Mrs. McVeigh's Manners
a division of Elise McVeigh's Life Camps

            How formal should you be when you write and send an email to someone? It depends on whom the email is going to, and what your relationship with the person is.  I have heard about employers who are surprised at how casual sounding the emails they get are from potential job applicants.  In this case a very formal email is necessary and it should sound more like a letter.  I would even start with a “Dear Mrs. Smith.”  Also make sure you get the correct spelling of the person’s name.

When corresponding with co-workers, and especially your boss, keep it more formal and professional sounding.  A formal email to someone you know can start out with a “Hi Cindy. How are you?” For the body of the email make sure you have correct grammar and punctuation, and do not use texting or emailing acronyms or expressions.  You can then end the email with something like, “Thank you for your attention to this matter,” and put your name on the next line, like you would a letter.  

            If you are writing an email to a friend then a casual sounding email is fine.  The only warning I would give is to ask the friend if someone else reads her email, especially if it is at his/her work email address. A lot of companies have compliance departments who read employee emails, and will discipline their employees for “inappropriate” emails that they receive. If emailing a friend at home ask if a spouse or children could possibly see what you write.  You don’t want the friend to have to give an interpretation of the email on your behalf.

            Lastly, remember to be careful when replying to emails with more than one recipient.  We all have horror stories of “Reply All” emails that we had a lot of explaining to do.  

Mother's Day

 Mother’s Day is a great tradition that every mom appreciates.  The key to a successful Mother’s Day is making every female in your family, who is a mom, feel like it is her special day.  This can be tough when there are multiple generations of moms in your family.  My first few Mother’s Day my husband and I had to find a way to spend the day the way I wanted to, and how to do this by not offending my mother-in-law.  My mom lives close by, and it was easy to spend time with her.  My in-laws live 45 minutes away, and packing up our babies to make small talk around their house for the day was not my idea of a fun Mother’s Day.  Finding this balance can be tough.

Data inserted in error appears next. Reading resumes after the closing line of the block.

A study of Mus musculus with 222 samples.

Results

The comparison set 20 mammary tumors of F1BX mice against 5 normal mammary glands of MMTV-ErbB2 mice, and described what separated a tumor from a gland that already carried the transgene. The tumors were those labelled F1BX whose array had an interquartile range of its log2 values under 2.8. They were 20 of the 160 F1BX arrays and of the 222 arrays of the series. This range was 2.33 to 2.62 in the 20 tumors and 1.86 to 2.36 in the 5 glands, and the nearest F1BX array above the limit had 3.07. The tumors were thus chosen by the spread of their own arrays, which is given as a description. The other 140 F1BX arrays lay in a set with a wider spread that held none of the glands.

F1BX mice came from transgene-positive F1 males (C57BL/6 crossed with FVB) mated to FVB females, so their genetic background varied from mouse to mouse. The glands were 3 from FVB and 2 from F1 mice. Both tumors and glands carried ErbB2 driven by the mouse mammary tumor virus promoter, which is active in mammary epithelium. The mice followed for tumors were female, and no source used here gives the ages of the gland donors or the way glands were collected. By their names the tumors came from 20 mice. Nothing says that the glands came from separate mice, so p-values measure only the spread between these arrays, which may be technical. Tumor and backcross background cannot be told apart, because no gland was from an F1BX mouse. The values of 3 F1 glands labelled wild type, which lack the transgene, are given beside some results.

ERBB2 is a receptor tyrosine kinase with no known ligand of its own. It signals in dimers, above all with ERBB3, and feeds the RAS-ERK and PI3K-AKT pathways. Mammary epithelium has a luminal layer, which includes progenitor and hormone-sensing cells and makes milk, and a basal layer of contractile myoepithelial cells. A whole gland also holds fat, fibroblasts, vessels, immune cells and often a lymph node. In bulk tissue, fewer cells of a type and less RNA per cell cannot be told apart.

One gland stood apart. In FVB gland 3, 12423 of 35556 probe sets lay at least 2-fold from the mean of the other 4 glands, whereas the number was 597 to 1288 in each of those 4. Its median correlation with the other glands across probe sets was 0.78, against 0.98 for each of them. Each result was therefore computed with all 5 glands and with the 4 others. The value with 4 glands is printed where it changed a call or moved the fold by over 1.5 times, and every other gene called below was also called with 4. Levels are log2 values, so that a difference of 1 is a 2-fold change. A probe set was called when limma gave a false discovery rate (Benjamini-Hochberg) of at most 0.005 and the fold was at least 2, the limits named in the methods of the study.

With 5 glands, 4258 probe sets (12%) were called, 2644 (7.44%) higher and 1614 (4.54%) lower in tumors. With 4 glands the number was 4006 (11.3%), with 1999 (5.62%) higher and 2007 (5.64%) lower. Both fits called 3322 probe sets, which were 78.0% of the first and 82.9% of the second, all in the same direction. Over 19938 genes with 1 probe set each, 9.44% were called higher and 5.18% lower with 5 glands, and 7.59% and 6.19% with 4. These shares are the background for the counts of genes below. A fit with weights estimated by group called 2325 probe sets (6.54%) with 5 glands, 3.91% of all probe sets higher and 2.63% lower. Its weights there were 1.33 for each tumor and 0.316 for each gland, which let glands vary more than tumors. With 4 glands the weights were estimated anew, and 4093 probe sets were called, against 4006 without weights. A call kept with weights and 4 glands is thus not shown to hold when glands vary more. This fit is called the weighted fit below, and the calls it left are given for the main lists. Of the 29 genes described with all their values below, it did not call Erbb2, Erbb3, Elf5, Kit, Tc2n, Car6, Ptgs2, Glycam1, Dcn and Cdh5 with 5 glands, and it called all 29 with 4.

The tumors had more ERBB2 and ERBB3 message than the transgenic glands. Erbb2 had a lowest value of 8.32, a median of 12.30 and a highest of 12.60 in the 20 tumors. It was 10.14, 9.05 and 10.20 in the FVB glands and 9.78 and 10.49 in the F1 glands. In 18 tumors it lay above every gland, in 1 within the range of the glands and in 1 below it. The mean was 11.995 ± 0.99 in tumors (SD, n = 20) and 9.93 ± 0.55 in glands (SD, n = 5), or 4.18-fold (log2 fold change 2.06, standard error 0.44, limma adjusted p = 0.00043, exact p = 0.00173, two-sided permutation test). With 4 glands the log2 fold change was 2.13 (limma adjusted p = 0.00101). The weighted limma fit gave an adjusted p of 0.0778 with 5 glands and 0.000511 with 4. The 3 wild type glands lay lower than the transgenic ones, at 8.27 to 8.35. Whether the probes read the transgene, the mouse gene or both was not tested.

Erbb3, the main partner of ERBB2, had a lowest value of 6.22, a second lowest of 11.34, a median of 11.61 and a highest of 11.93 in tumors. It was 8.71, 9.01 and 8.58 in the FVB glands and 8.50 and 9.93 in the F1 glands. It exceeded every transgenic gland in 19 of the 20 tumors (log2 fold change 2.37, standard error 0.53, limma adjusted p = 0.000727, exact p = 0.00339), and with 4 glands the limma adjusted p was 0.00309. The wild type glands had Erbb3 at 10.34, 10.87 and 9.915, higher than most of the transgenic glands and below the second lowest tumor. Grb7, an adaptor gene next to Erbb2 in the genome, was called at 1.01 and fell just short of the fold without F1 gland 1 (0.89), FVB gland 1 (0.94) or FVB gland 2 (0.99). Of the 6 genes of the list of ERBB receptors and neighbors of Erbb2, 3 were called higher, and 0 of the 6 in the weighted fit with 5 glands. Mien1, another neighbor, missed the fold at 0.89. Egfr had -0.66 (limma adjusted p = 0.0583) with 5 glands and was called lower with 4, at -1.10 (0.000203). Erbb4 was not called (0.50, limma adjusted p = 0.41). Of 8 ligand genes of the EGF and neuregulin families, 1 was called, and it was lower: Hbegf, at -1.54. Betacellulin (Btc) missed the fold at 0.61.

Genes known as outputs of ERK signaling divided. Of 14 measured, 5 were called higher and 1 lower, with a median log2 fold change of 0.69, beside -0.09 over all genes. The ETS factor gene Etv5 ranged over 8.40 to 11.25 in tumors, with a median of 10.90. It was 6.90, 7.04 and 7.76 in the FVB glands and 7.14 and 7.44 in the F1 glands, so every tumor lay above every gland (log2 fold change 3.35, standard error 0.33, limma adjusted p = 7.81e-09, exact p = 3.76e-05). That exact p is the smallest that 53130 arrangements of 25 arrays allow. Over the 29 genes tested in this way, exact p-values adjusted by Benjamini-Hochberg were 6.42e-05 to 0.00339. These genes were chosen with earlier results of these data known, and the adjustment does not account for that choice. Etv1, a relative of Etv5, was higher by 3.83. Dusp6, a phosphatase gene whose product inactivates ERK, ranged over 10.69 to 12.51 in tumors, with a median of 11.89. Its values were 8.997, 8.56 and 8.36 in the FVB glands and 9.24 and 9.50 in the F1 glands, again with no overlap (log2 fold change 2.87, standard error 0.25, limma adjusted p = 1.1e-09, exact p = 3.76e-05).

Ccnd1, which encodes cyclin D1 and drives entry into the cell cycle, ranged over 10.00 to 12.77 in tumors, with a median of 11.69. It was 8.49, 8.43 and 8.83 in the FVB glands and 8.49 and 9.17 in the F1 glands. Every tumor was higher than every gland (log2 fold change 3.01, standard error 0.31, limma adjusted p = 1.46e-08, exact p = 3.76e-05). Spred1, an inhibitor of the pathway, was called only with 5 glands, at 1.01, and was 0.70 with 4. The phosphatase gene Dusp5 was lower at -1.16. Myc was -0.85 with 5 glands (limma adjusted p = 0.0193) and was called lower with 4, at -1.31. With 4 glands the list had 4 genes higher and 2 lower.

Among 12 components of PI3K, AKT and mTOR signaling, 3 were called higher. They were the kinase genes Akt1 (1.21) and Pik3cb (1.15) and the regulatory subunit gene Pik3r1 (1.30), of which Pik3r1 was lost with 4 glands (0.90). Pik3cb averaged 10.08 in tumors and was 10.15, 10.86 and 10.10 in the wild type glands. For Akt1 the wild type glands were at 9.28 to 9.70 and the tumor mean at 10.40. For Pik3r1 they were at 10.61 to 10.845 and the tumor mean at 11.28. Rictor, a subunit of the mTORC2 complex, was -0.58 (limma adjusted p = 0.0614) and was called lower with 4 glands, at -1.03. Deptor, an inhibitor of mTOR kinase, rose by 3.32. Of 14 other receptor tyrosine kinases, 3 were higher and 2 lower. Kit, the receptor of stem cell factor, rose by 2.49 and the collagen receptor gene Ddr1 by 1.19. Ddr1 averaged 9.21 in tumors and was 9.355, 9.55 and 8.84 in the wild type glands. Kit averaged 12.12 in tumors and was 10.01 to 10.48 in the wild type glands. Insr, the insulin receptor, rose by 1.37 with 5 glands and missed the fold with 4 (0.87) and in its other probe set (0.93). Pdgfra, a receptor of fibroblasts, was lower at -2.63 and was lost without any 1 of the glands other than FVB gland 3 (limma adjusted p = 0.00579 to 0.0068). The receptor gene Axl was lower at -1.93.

For all of you dads who have wives to make happy, and moms and grandmothers to feel appreciated, here are some ideas to make the day enjoyable for everyone.  The first solution is to see if you can spend the day with your mom and/or grandmothers on the day or weekend before Mother’s Day.  You can give out flowers, gifts, and/or take them out to lunch or dinner the day you see them, and then call them on the actual day.  If this is not an option, then invite all of the moms in your life out to breakfast or brunch on Mother’s Day.  Give any cards and gifts after you eat, and then you can give your wife the opportunity to spend the rest of the day however she wants to spend it. 

Trying to make it a full day of fun and pampering for your mom or wife?  Ask the mom in your life exactly what she wants to do. It could be a day to her self, breakfast in bed, a day of shopping, a special gift, or a day at the spa.  What sounds fun to you or your children may not be what Mom really likes. Surprises can be great, but asking every mother in your family what is truly important to her will turn out to be her best Mother’s Day yet. 

How to Politely Say NO to Solicitors

  

            I must confess that I had a brief stint in college as a true solicitor.  I had a job working for AAA cold calling people and trying to get them to sign up for a membership.  I cannot remember how long I lasted, but it must not have been more than one week.  People hang up on you, or tell you never to call again, and overall are pretty darn rude.  It is not pleasant being rejected over the phone, from AAA services, to a friend saying no to a volunteer position that you beg him to take.  As a result when I get a solicitor who calls me, I feel so bad saying no.

            How do you politely get solicitors off of the phone without ruining their evening or making them want to run and quit their job?  I would say let them at least finish a few sentences of their pitch before you graciously cut them off.  After you hear them out, you can then smile and thank them for asking, but nicely refuse the service.  If you tell them you will think about it and to please call later as a way of getting them off of the phone and sparing their feelings, you are not doing them a favor.  Be honest and say thank you for calling, but you are not interested.   Just like when a guy drops you off after a first date and says he will “call you later,” and you think he is really going to call, but actually he says that instead of just “goodbye.”  With a solicitor if you act like you are interested, he really is going to “call you later.”  Being a good listener, and then saying no thank you politely in a pleasant voice is the best way to handle phone solicitors.